The University of Pittsburgh is the latest institution to face a lawsuit over racial discrimination and termination without just cause.
Former Pitt wrestling coach Jason Peters filed a federal lawsuit against his former employer, claiming the school violated his employment contract by firing him without cause. Peters, who is black, also alleges racial bias in his lawsuit.
Peters was fired from his job in January, after an incident at a tournament in Evanston, Ill. According to The Pitt News, Evanston police responded to a call at a hotel from a 22-year-old man who said one of his two 19-year-old friends had stolen $100 from him. Law enforcement said the suspected were three women whom the men had met on backpage.com, a known prostitution website that authorities seized in April as part of a sex trafficking investigation.
While law enforcement never released the identities of the three men, Pitt suspended Peters and three wrestlers.
Pitt released the following statement addressing the incident:
On the morning of January 13, the Pitt Athletic Department became aware of an incident that took place during the wrestling team’s trip to Illinois for a competition on December 29-30. An investigation was immediately launched and, while the details of that process will remain private, the university was compelled by its findings to make a change in the program’s leadership.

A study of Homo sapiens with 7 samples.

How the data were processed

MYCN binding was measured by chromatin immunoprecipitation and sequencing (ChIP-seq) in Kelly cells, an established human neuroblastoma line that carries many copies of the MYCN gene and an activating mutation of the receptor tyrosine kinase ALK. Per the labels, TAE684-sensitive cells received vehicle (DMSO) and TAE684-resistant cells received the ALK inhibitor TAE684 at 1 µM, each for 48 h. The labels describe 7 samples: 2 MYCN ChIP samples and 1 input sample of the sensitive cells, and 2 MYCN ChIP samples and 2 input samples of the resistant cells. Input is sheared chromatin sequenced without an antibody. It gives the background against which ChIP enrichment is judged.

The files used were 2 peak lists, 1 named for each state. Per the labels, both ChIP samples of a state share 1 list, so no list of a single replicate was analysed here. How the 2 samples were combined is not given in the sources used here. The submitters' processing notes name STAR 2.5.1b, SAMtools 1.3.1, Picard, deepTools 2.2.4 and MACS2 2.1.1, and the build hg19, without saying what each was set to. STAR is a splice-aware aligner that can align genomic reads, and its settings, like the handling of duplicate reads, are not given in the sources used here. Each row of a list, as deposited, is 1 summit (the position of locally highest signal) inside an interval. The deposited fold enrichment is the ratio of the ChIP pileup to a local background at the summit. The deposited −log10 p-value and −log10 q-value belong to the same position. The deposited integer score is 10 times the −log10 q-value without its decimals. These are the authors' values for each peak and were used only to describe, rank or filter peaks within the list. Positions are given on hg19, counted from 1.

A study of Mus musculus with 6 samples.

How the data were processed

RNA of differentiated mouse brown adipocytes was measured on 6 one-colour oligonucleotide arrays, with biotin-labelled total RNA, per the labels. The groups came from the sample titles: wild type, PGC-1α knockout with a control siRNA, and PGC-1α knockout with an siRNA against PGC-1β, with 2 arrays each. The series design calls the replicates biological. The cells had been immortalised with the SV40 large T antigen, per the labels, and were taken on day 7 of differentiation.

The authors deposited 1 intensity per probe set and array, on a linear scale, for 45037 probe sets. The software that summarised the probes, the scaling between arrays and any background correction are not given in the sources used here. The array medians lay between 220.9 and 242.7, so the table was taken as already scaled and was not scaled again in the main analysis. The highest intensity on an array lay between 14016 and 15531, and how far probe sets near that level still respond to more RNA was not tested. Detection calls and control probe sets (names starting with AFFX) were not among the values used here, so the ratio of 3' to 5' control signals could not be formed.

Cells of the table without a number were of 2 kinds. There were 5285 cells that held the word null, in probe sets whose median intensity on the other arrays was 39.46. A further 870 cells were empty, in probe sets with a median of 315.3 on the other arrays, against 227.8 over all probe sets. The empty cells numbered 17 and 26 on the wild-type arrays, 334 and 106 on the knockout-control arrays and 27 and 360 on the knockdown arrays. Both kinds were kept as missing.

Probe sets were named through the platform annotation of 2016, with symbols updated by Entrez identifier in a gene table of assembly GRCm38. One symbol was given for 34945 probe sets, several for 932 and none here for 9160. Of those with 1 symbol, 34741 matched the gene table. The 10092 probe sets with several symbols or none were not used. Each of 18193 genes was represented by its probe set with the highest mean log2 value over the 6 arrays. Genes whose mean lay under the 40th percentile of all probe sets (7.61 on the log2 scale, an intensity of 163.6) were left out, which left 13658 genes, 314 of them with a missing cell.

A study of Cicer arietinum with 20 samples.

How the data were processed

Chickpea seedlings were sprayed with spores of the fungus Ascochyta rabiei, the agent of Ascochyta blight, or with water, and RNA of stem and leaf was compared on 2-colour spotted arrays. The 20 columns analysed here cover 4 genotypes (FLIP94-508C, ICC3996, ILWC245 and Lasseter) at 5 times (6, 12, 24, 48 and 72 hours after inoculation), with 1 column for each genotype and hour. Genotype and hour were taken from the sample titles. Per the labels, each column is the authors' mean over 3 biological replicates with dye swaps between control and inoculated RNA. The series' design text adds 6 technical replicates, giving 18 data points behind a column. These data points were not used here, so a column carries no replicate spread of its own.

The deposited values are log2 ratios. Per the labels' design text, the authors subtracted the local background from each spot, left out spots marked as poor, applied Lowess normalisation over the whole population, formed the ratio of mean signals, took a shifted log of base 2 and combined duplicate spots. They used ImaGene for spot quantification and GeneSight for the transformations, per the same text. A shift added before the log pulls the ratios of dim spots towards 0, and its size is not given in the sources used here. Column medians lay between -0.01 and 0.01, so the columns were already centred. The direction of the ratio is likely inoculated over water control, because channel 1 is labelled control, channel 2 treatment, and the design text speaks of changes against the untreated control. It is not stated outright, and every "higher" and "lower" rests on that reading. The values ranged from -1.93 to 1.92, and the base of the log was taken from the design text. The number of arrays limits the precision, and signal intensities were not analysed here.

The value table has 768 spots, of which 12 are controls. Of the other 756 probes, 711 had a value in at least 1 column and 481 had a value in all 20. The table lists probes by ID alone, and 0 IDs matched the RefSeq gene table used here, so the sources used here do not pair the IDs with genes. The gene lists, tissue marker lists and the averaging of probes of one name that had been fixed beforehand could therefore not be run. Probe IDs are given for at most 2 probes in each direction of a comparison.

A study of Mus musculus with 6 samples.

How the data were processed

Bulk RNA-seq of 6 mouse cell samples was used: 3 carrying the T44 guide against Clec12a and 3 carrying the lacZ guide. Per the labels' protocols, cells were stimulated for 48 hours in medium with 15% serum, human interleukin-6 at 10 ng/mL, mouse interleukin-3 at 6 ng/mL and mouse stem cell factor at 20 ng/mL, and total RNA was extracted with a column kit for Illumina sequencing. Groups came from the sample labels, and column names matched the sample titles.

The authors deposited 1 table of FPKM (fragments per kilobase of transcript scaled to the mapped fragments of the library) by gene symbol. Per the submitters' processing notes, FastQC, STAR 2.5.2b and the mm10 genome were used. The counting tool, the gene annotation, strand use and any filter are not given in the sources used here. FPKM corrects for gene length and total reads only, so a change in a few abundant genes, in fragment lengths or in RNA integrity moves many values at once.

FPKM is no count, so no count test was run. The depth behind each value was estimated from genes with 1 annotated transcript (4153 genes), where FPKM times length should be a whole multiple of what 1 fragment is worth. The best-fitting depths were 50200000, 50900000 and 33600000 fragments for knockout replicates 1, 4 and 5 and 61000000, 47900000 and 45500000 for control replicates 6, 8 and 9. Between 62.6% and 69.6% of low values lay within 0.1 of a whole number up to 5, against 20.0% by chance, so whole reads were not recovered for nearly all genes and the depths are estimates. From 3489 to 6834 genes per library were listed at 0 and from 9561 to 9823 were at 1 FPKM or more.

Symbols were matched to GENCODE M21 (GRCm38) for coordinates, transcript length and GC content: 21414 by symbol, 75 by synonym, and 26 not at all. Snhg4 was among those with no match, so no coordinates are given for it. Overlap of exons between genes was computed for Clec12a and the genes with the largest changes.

Peters’ attorneys argue that the coach did nothing wrong, as he stayed in a room a floor above where the team was staying. Peters says the matter was not brought up for a week after the incident, until a meeting took place where senior associate athletic director Marcus Bowman allegedly said that “Peters had not ‘properly responded’ in Evanston.” Two days later, Peters was terminated for allegedly having withheld information about the Evanston incident.
Peters is also alleging racial discrimination in the complaint, charging that, “Caucasian coaches at Pitt have not faced termination in similar situations … Caucasian coaches at Pitt involved in similar situations [redacted] have continued to be paid by the University.”